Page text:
To Ship, on or before Death.

To Ship, on or before Death.

As an advisor and entrepreneur, I’ve always been fascinated by Steve Jobs’ famous line, “death is the ultimate ship date,” which he uttered during his iconic graduation speech at Stanford University in 2005. It’s a line that has resonated with me for years, and I believe that it encapsulates one of the most important lessons that entrepreneurs and business leaders can learn.

Time is infinite, but our time here is finite.

At its core, Jobs’ statement is a reminder that we all have a finite amount of time on this earth. No matter how successful we become, no matter how much money we make, and no matter how many people we touch, we will all eventually die. It’s a fact that we often try to ignore or downplay, but it’s an undeniable truth that we need to accept if we want to achieve any success.

In the context of entrepreneurship and business leadership, this truth takes on even greater significance. When you’re building a company, you’re not just creating a product or service; you’re creating a legacy. You’re trying to make a lasting impact on the world, and you’re hoping to leave behind something that will continue to thrive long after you’re gone. But if you’re not constantly aware of the fact that your time is limited, you risk wasting your precious days and failing to achieve your goals.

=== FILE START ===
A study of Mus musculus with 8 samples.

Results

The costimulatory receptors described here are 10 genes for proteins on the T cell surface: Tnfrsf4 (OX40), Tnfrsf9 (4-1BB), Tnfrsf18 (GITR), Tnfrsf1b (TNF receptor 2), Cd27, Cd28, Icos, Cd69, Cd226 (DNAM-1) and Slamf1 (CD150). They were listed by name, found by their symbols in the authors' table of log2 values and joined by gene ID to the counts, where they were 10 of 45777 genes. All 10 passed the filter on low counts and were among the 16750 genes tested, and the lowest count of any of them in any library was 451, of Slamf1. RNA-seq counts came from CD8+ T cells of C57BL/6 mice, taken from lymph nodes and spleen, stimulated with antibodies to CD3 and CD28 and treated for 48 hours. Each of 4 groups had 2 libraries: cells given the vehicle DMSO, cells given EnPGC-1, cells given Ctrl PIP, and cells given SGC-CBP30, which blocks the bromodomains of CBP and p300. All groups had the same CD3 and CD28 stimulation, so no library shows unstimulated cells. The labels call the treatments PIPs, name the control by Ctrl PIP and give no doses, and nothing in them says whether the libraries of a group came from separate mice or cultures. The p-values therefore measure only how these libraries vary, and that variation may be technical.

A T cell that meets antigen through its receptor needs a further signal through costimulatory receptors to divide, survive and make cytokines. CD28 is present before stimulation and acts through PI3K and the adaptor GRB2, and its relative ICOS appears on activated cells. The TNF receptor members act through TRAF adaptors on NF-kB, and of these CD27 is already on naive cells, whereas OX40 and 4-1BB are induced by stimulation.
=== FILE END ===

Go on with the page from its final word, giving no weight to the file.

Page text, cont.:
This is where Jobs’ statement becomes so powerful. By recognizing that death is the ultimate ship date, we’re forced to confront the fact that time is our most valuable resource. We can’t afford to waste a single minute, and we need to be intentional about how we spend our days. We need to prioritize our goals, focus on what truly matters, and make the most of every opportunity that comes our way.

For me personally, this realization has been a driving force behind my own entrepreneurial journey. It’s pushed me to take risks, pursue my passions, and never settle for mediocrity. It’s given me the courage to try new things, even when the odds are against me, and it’s inspired me to create a legacy that will endure a bit after I’m gone.

Of course, this isn’t to say that we should all live our lives in a constant state of panic, frantically trying to cram as much activity as possible into every day. Rather, it’s about being mindful of our priorities, and recognizing that every decision we make has an opportunity cost. By being intentional about how we spend our time, we can ensure that we’re building the legacy we want to leave behind, rather than simply drifting through life.

I mentor two kids and several entrepreneurs. Similarities are coincidental.